Overnight Testing Reveals Only Two Cables are Damaged
Hatteras Electric Cooperative’s (CHEC) continued transmission
restoration efforts last night revealed good news. Further testing at
the site of the Bonner Bridge incident indicates that only two of the
three underground transmission cables sustained damage.
The cooperative continues its execution of two simultaneous solutions
to restore transmission service. The underground solution is to
continue the excavation and de-watering process, digging to greater
depths to reach and splice the second damaged cable. Splicing on the
first damaged cable is complete. Installation efforts began early this
morning on the second solution – building a new overhead transmission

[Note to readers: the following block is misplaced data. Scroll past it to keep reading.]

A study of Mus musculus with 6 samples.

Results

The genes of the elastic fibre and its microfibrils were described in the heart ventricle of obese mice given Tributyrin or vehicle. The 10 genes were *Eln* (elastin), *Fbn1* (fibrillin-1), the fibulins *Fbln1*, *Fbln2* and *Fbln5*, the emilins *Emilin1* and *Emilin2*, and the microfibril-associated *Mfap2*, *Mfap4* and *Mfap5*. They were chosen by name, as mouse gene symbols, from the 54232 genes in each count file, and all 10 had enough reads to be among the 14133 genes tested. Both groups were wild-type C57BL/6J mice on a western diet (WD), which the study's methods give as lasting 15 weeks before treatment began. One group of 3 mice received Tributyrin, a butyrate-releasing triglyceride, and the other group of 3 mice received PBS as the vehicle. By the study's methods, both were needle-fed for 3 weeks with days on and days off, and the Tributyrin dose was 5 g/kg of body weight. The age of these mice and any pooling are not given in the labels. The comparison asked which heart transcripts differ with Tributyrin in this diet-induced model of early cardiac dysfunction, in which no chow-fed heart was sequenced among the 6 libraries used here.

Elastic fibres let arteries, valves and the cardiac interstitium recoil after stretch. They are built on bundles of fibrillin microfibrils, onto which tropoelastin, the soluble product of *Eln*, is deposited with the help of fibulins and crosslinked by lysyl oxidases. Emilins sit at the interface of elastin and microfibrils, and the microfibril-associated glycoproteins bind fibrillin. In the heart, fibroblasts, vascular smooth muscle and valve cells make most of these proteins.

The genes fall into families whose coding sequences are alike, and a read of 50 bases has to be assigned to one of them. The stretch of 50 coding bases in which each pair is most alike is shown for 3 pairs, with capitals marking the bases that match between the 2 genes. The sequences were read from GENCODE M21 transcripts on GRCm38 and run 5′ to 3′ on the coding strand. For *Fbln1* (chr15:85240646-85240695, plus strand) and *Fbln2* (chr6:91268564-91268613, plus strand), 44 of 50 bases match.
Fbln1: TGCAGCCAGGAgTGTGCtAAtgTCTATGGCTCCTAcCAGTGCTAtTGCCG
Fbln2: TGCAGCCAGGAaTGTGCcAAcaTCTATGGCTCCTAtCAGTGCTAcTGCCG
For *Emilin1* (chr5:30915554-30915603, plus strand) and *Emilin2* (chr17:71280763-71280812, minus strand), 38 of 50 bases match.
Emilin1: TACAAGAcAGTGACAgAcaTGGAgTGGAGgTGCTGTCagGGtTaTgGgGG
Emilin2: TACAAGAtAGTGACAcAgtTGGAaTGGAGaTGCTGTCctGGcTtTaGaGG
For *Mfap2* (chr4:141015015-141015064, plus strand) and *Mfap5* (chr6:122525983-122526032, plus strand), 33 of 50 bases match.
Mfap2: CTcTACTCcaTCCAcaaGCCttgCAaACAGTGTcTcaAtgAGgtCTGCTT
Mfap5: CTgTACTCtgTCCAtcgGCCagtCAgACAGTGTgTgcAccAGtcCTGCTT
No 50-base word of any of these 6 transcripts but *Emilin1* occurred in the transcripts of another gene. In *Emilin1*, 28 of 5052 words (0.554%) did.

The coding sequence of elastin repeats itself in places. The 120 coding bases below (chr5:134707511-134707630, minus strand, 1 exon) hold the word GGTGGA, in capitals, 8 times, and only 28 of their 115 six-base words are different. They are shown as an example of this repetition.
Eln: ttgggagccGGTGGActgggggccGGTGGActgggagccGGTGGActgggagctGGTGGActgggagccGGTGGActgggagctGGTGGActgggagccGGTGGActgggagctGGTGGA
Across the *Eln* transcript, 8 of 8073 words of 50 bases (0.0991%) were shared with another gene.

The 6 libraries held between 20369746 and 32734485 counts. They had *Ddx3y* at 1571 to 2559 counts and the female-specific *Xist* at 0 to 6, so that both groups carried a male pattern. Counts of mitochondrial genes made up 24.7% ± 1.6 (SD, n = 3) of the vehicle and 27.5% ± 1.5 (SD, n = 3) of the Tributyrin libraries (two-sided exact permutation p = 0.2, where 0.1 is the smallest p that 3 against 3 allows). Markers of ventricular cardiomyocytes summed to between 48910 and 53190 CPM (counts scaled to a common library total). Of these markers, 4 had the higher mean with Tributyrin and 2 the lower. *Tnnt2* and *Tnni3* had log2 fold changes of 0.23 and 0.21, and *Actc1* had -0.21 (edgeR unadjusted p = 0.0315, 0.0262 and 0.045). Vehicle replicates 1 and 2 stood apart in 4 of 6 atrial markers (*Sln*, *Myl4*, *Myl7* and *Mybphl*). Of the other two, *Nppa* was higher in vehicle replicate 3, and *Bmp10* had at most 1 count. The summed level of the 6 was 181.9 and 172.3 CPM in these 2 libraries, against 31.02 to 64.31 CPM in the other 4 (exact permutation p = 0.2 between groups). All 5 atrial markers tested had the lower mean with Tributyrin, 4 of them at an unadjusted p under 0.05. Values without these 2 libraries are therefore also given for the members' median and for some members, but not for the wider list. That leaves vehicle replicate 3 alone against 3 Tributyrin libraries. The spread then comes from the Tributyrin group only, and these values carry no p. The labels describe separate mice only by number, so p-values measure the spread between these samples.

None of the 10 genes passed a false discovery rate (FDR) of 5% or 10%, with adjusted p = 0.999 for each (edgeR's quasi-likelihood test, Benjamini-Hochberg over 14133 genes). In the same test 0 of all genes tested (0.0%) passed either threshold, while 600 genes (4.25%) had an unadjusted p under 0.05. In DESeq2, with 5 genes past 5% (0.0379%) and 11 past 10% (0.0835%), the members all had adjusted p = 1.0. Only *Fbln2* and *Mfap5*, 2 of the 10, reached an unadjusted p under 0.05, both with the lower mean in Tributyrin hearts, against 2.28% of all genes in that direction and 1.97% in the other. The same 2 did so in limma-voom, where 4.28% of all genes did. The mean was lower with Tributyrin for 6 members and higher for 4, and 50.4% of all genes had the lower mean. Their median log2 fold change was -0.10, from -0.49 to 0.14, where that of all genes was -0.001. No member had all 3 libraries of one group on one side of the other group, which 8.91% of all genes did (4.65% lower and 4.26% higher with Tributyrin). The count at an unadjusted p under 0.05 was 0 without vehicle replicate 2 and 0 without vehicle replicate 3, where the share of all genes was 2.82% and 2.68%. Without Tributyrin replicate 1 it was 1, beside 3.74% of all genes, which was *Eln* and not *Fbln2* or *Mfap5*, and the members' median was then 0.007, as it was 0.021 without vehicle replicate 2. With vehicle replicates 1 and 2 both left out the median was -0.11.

line that will run from the south end of the Bonner Bridge to meet the
cooperative’s existing overhead transmission
Restoring permanent transmission service as quickly and safely as
possible is CHEC’s top priority, which is why workers are aggressively
pursuing both solutions to determine which will be completed first. The
timeline for a complete repair ranges from one to two weeks.
The damage to the transmission cables occurred at the south side of the
Bonner Bridge early on the morning of July 27 when PCL Construction,
the company building the new Bonner Bridge, accidentally drove a steel
casing through the cooperative’s transmission cables. The cooperative
is supplying power to the island via permanent and portable diesel
generators, and while it pursues the permanent solutions, CHEC is
concurrently working to expand the temporary generation service on
Hatteras Island in order to accommodate a staged reentry of visitors. A
mandatory evacuation remains in effect for all visitors to Hatteras
Island at this time.
CHEC appreciates the continued support of its members, as well as Gov.
Roy Cooper and other officials from local and state agencies.